Every year, the New England Patriots seem to surprise us by taking a little-known prospect a lot earlier in the draft than everyone else thought, and the Patriots did it again this year by picking Rutgers Scarlet Knights defensive back Duron Harmon in the late third-round of the 2013 NFL Draft. Harmon is an interesting prospect who can play at either safety spot, and you could tell that everyone was thoroughly surprised by this pick. The Patriots know Rutgers better than anyone, and they now have three Rutgers DBs after drafting Harmon’s teammate Logan Ryan in the third round as well.

Harmon is starting to gain a little more steam recently, and draft analysts such as Mike Mayock and Kevin Weidl have thrown a little bit of praise his way. But Harmon expected to go in the late rounds of the 2013 NFL Draft, if he would even be drafted at all. The Patriots seem to be too trigger-happy when they want to pull an underrated prospect they really like, because it seems like they could have waited until the seventh round to take him.

But therein lies the issue. Although the Patriots have several seventh-round picks, how would they know that he would have fallen down there? They probably should have used their fourth-rounder in that case, but maybe there are other teams that are high on Harmon as well. That probably doesn’t justify reaching Harmon, but all will be forgiven if Harmon ends up being the player Bill Belichick and the Patriots think he will be.

The Patriots decide to go with two DBs (from the same school, no less) in the third round, and Harmon will fortify the depth at safety. But safety was already a crowded position with Devin McCourty, Adrian Wilson, Tavon Wilson, Steve Gregory, and Nate Ebner. Harmon is a sixth body at the position, and it makes me wonder if the Patriots want to get rid of Gregory. He showed up well on special teams and made some plays in run defense, but Gregory is a huge liability in coverage and is a third safety at best- he isn’t even better than last year’s second-round pick Tavon Wilson (I’d give Wilson a significant edge, too).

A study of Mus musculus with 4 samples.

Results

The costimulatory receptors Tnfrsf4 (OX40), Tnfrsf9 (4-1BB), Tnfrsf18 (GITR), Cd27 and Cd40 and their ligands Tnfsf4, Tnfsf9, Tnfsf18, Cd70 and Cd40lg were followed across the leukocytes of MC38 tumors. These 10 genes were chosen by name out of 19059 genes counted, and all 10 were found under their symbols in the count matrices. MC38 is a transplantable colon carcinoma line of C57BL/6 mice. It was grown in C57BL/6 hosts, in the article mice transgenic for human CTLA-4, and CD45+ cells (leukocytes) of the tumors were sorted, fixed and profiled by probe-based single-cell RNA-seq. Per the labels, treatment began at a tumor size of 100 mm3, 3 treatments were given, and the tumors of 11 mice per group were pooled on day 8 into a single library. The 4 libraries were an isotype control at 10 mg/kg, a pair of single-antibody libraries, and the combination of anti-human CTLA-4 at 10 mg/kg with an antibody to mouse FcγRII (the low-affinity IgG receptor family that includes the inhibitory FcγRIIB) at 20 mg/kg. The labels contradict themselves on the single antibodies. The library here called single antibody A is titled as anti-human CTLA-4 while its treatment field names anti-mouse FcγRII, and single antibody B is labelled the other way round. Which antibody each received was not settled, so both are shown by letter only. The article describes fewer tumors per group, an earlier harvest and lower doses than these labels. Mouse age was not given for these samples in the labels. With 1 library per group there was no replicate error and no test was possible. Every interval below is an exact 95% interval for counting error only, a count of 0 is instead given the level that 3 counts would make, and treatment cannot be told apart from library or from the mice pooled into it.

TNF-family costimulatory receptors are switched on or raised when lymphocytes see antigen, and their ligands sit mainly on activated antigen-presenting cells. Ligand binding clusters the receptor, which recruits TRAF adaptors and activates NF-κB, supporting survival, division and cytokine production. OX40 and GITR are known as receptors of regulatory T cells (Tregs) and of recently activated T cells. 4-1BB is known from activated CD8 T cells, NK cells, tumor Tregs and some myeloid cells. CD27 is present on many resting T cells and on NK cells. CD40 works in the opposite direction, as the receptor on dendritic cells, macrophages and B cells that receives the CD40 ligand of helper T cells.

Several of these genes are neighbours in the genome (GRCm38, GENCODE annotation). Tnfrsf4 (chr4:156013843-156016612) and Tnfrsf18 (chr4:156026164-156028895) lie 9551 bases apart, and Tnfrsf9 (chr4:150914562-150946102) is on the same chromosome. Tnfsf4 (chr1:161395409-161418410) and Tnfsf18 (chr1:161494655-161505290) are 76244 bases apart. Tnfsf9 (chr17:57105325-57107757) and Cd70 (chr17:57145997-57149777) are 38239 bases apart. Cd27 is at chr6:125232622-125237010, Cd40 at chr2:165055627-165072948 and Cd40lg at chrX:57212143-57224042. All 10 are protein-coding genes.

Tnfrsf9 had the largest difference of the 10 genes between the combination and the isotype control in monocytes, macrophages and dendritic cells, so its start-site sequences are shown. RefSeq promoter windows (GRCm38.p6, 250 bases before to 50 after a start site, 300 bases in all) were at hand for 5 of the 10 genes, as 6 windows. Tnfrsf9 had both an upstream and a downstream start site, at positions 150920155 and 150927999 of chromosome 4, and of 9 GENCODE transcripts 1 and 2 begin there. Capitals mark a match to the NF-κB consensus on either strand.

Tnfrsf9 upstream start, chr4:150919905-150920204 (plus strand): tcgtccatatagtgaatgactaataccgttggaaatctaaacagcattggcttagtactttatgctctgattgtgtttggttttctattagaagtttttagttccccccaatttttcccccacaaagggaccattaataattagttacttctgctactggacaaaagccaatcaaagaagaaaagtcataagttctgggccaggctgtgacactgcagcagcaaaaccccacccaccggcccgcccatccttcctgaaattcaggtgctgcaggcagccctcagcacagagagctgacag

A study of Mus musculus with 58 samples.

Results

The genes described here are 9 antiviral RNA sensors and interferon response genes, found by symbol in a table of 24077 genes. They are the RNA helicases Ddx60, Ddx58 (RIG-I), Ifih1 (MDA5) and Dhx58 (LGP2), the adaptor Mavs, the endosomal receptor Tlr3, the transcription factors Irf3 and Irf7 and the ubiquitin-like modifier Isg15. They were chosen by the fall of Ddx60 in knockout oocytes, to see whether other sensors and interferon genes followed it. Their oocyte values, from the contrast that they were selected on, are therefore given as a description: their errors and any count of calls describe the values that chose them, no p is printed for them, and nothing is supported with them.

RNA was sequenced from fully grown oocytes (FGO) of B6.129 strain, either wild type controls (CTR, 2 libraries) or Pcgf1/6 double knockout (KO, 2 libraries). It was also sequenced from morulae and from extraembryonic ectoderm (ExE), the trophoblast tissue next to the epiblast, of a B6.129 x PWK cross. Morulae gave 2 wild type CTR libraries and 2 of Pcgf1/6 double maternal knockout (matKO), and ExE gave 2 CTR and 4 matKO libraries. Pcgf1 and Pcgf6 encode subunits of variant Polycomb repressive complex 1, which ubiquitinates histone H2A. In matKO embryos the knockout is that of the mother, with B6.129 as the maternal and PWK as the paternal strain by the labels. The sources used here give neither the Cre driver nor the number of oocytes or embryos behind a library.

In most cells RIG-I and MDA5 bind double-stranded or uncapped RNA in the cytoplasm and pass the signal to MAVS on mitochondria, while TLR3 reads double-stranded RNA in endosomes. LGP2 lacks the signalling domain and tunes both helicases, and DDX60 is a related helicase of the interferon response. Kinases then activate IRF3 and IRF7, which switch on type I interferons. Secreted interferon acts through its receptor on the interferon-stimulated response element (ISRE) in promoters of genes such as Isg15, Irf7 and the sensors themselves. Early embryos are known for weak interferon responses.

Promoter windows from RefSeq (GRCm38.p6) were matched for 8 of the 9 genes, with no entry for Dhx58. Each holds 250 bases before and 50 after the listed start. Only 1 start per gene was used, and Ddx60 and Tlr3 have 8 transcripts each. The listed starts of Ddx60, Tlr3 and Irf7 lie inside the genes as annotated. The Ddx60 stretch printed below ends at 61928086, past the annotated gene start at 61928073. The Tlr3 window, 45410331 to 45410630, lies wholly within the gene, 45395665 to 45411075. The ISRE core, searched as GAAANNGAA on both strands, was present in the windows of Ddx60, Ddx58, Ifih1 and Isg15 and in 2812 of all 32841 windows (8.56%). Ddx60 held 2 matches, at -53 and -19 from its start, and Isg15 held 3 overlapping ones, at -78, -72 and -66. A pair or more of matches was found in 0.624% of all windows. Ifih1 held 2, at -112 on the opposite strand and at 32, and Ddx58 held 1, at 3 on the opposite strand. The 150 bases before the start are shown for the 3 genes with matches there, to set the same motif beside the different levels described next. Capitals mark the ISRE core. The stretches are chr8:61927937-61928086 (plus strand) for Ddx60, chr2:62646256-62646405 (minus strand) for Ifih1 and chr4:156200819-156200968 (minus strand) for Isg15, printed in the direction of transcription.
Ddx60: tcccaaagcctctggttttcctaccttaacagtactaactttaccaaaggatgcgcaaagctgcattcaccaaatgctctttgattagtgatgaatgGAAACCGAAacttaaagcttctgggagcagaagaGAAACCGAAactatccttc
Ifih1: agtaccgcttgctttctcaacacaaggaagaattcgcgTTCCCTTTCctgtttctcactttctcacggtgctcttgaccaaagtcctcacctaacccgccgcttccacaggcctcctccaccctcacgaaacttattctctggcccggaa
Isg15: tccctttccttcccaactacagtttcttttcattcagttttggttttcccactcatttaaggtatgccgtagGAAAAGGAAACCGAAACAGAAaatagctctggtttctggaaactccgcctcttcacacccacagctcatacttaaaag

Harmon was a two-time All-Big East selection at Rutgers, and he has excellent intangibles. Some scouts have praised Harmon’s size, and he is known for his hard-hitting ability. Could he develop into an imposer at the back end? Harmon’s versatility to play both free safety and strong safety is an added plus, but there isn’t much out there to adequately evaluate Harmon. It’s telling that there weren’t even clips up for him when he was drafted.

I don’t mind the Patriots decision to pick Duron Harmon, especially since I trust in the Patriots judgement. They know far more about Harmon than we do, and they could be vindicated if Harmon has enough success. But the Patriots passed up on two quality receivers in Quinton Patton and Stedman Bailey, and they could have easily had Harmon in a later round. Unless, of course, they truly felt that another team would have snapped him up shortly after. I don’t get that feeling myself, and this pick is the odd one out in this draft for the Patriots. Time will certainly tell if the Patriots were justified in selecting Harmon in the third round, but right now it looks like the Patriots went a little too far in trying to secure an unheralded prospect that they like. I do love Harmon personally, as he seems incredibly humble and has excellent intangibles, especially when it comes to leadership.

You can follow Joe Soriano on Twitter @SorianoJoe.